Making Colors (4): Labor and Pain in Historical Remaking

*This blog post is part of the series Making Colors. The historical remaking research of my project is supported by the generous grant from the Oak Spring Garden Foundation.


“Oh my, that’s heavy.” This thought comes up every time I pick up my granite slab for grinding pigments and mulling paints.

“Why won’t this malachite break?” I asked myself impatiently when breaking the stone into small pieces.

“My fingers hurt.” I complained after mixing colors for hours.


The three examples of my honest responses demonstrate some of my physical reactions during the process when conducting experiments. An important aspect of working with historical remaking as a research method is to understand the level of labor and the performance of one’s body in different situations. For example, when printing an image with a hand press, I had to put my entire body to work in order to pull the heavy handle that lowers the platen to get an impression (Fig. 1). Operating a printing press is hard labor, and it manifests in the size of the mechanical device. Similarly, one easily notices the labor that goes into blowing glass and casting metal because much attention is paid on the movement of the body in order to work with the tools and materials, as well as to keep the maker safe.

Fig. 1. Operating a hand press to print a woodcut.


Comparatively, working on color making and painting is much less physically demanding. What kind of labor is involved when making and painting with watercolor? This was a question I had never given any thought when studying in an art school. Back then, the working process was—while not mindless—an intuitive act. The attention was usually directed to obtaining a satisfying result, such as a desired visual effect. Discussions and critiques centered around the concepts and techniques of our works, but not the labor behind the pieces. Returning to watercolor as a researcher, however, I started to analyze decisions and actions that used to be performed naturally without too much thinking. I realize that labor, which often is accompanied by pain, was one obvious element that I overlooked as a practitioner.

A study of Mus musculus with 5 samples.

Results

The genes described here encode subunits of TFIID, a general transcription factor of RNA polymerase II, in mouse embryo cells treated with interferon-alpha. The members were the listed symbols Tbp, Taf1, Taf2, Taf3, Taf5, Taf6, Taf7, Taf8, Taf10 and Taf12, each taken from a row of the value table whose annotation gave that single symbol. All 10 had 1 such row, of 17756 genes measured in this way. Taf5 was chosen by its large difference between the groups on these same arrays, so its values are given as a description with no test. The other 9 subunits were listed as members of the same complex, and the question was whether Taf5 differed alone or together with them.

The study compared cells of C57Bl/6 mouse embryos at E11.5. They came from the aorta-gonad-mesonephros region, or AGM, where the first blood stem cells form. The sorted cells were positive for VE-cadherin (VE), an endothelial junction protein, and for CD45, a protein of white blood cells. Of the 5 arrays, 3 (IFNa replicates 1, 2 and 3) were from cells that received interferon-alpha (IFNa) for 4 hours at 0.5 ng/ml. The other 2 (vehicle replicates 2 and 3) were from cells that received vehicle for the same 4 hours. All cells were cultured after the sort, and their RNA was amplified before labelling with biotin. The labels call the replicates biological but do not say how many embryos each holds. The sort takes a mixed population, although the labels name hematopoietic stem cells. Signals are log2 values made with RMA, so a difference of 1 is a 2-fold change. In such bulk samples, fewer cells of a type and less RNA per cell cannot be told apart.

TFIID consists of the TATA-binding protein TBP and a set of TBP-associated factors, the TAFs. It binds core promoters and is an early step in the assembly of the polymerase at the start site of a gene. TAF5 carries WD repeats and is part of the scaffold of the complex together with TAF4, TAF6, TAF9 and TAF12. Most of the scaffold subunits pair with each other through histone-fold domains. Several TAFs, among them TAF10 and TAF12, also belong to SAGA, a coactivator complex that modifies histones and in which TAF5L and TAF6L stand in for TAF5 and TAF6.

Because I work in a lab, instead of a studio or a workshop, the space needs to be cleaned and all the materials and tools need to be put away by the end of a work day. Setting up my paint mulling station and transporting the granite slab in and out of storage became a routine (Fig. 2). This step may be ahistorical, as a proper workshop might have a designated space for mulling paint. However, even when such a space is available, there is always the preparation of materials and the cleaning of tools before and after paint mulling. The weighty slab magnifies the labor in the preparing stage before the actual work of paint mulling can start.

Fig. 2. Paint mulling station in the Kunstlab, with the gray granite slab in the foreground of the picture.


Sometimes, excessive labor is caused by ineffective procedure. To produce a green pigment with malachite, the first step was to break the stone into small pieces before they could be crushed into powder (Fig. 3). On the first day of this experiment, I did not have a hammer, and all I could find in the lab that could serve as an alternative was a metal rod. To procure a proper tool meant to lose several hours in the lab, so I made the decision to bash the stone with the rod. This became a typical scenario of working harder but not smarter, as I most likely spent as much time, but more physical labor, to break the stone into little chunks, and calluses developed on my hand due to the feeble tool that was not designed for this purpose. The calluses are a signpost that historical recipes sometimes advice specific tools or devices for certain tasks for a reason.

Fig. 3. Breaking malachite into small pieces. 


Calluses are unpleasant, but the pain induced by overworking would be the hidden danger of seemingly easy labor. On the surface, painting with watercolor does not seem to require much effort. It is a clean and neat practice, and the needed tools are lightweight. Nevertheless, holding a brush puts tension on fingers, and working for long hours could lead to pulled-muscles. One of my latest experiments was systematic color mixing (Fig. 4). To mix the 1,326 colors from the selected fifty-two colors for my project with each other, it took me ten days and a minimum of eighty hours to paint the total of 3,978 dots. This intensive use of my fingers in a relatively short time caused some mild pain in my fingers.

Fig. 4. Completed color mixing sheets, with mixed-color dots in the middle column. 


These physical discomforts from remaking experiments are familiar, as they have always been part of the making process, only now they have been brought to the foreground. I recall that there were two weeks that I could not hold a pencil after a big project; stories of students suffering the same pain or even seeking medical help due to overuse of hands and fingers are also common. Safety measures to prevent burns and cuts that could be potentially life-threatening would be one of the first things to mention when learning a new technique. I am always alert and careful when working with knives to avoid turning my artistic endeavors into lessons of anatomy. Yet, the pain and injury from accumulated small labor did not seen to find its way into discussions in classrooms, nor in historical recipes. With my new awareness of labor and pain, perhaps possible descriptions that deal with similar experiences would become more identifiable when revisiting historical sources.